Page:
There is no official category of vehicle on the market known as the not-quite-sure-what you call it. But some vehicles, such as the Kia Rondo, fit this description. We recently wrote about the Mazda5, a sort of minivan, sort of sedan, sort of wagon-type thing that also would be in this group.
The Rondo is equally blended - sort of wagon, sort of car, sort of small SUV, maybe even a hint of minivan. The Rondo is a bit taller and wider than the Mazda, but enjoys the same amount of versatility, the thing we liked most about that car, 'er van, 'er whatever. What we like about the Rondo is how nicely it's priced.
For a seven-seat vehicle that's not too big and not too small, it's hard to beat the Rondo in value. Our tester had a sticker price of $23,495, about two grand cheaper than the similarly equipped Mazda5 we had. At that price, our Rondo was the higher trim level EX (the other one is the LX), with 17-inch alloy wheels and options such as leather, heated seats, a power sunroof and a third row of seats, which is tiny, but OK for small kids. The EX also offers a leather-wrapped steering wheel and shift knob, lighted vanity mirrors and an MP3-capable audio system with extra speakers and controls on the steering wheel. The EX's exterior gives you chrome door handles, roof rails, body-side molding and a crossbar on the grille. LX models have 16-inch alloy wheels, full power accessories, a height-adjustable driver seat and a 60/40-split folding rear seat.
The LX Convenience Package includes remote entry and cruise control. If you've got a small crew or a little stuff to haul, the Rondo is a fine choice. The second- and optional third-row seats fold flat to give you a nice amount of cargo capacity. The third row seats split 50/50.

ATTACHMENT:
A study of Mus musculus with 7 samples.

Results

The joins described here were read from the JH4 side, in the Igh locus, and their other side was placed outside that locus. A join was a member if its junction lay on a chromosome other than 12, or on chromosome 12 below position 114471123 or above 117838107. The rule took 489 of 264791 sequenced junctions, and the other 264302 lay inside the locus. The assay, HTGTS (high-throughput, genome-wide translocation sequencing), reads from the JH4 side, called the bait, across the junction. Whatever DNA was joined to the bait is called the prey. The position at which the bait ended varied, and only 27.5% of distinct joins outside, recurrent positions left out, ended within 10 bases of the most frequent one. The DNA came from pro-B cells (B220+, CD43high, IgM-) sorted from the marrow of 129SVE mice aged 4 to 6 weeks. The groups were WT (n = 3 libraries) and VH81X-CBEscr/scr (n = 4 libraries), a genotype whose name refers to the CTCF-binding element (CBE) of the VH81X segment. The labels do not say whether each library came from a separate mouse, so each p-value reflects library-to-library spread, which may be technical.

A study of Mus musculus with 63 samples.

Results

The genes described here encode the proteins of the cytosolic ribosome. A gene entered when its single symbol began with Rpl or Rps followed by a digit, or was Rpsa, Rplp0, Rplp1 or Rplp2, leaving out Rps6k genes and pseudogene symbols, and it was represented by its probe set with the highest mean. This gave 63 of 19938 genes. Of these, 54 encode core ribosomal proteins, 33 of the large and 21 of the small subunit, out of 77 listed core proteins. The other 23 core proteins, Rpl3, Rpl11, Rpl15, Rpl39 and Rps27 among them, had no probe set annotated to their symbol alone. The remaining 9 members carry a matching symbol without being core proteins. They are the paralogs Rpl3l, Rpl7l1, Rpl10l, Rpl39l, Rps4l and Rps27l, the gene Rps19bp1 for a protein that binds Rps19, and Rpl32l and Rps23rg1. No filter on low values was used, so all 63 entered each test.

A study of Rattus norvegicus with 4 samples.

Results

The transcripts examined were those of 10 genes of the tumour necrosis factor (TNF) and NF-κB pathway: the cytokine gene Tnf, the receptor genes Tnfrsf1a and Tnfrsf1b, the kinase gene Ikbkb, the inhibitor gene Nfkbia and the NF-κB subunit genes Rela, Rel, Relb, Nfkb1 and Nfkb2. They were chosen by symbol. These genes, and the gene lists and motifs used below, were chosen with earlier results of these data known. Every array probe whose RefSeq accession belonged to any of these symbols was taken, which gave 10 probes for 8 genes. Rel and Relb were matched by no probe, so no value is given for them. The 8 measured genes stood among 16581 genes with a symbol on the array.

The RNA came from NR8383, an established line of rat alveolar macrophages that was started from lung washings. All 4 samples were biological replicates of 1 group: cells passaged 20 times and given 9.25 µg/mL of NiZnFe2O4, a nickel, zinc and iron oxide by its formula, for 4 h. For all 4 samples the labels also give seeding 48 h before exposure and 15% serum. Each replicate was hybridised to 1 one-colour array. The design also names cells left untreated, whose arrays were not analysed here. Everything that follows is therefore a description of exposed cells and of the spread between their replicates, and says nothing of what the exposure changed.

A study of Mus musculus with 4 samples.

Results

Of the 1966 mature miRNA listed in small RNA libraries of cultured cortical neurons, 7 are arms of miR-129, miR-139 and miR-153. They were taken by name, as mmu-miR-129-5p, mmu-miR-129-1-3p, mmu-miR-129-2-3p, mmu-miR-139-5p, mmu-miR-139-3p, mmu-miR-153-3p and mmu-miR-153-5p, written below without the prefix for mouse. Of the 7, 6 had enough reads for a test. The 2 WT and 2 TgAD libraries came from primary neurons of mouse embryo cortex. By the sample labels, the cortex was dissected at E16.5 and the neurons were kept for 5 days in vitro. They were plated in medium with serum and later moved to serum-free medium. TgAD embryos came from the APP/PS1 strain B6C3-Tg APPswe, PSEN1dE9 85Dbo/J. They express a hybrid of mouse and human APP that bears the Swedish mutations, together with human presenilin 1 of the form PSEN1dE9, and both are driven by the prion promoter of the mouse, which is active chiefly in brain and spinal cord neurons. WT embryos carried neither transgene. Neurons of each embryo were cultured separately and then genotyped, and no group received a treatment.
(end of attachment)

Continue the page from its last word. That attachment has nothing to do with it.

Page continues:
If your crew members are thirsty, the Rondo lets them drink up with quite a few cupholders. Storage bins also aren't lacking, another cool convenience feature. The Rondo is a front-wheel drive vehicle only, and comes with either a four- or six-cylinder engine. The Rondo is on the same platform as the Kia Optima sedan.
The four-cylinder engine in both vehicles is a 2.4-liter that is linked to a four-speed automatic transmission. It makes 162 horsepower and 164 pounds-feet of torque. The V-6, which we had in the tester, is a 2.7-liter linked to a five-speed automatic transmission. It makes a stout 182 ponies and 182 pounds-feet.
We were very impressed with the engine, as it offered decent passing and merge power on local highways. We tried out the manual shifting feature a couple of times and got an even sportier response. Most people buying in this category of vehicle aren't terribly concerned with dynamic performance, but it's nice to know that you don't have to feel like your senses have died when you get behind the wheel of the Rondo.
Mind you, BMW isn't exactly trembling with fear at the prospect of huge numbers of Rondos taking on the twisty roads of America, but for a low-$20,000 car, performance ain't too shabby. Also, the engine was much quieter than we expected, even at highway speeds.
We thought sure we'd get a little bit of that high revving whine that you seem to get with value-priced cars, but if there was any, it was barely audible in the Rondo. Gas mileage was OK. The Rondo's EPA figures are 18 mpg city, 26 highway. In combined driving, we got about 20, which was a bit of a disappointment, but not altogether lousy.
The Rondo presents a fine list of safety features, including front-seat mounted airbags, side-curtain airbags for all three rows, electronic stability control, antilock disc brakes and a tire-pressure monitoring system.
All are standard. Kia calls the Rondo a crossover utility vehicle, and that label seems to fit as well as any, one supposes. But whatever your needs might be, it's nice to have a multipurpose vehicle that can wear a few different hats - and they all seem to fit well on the Rondo.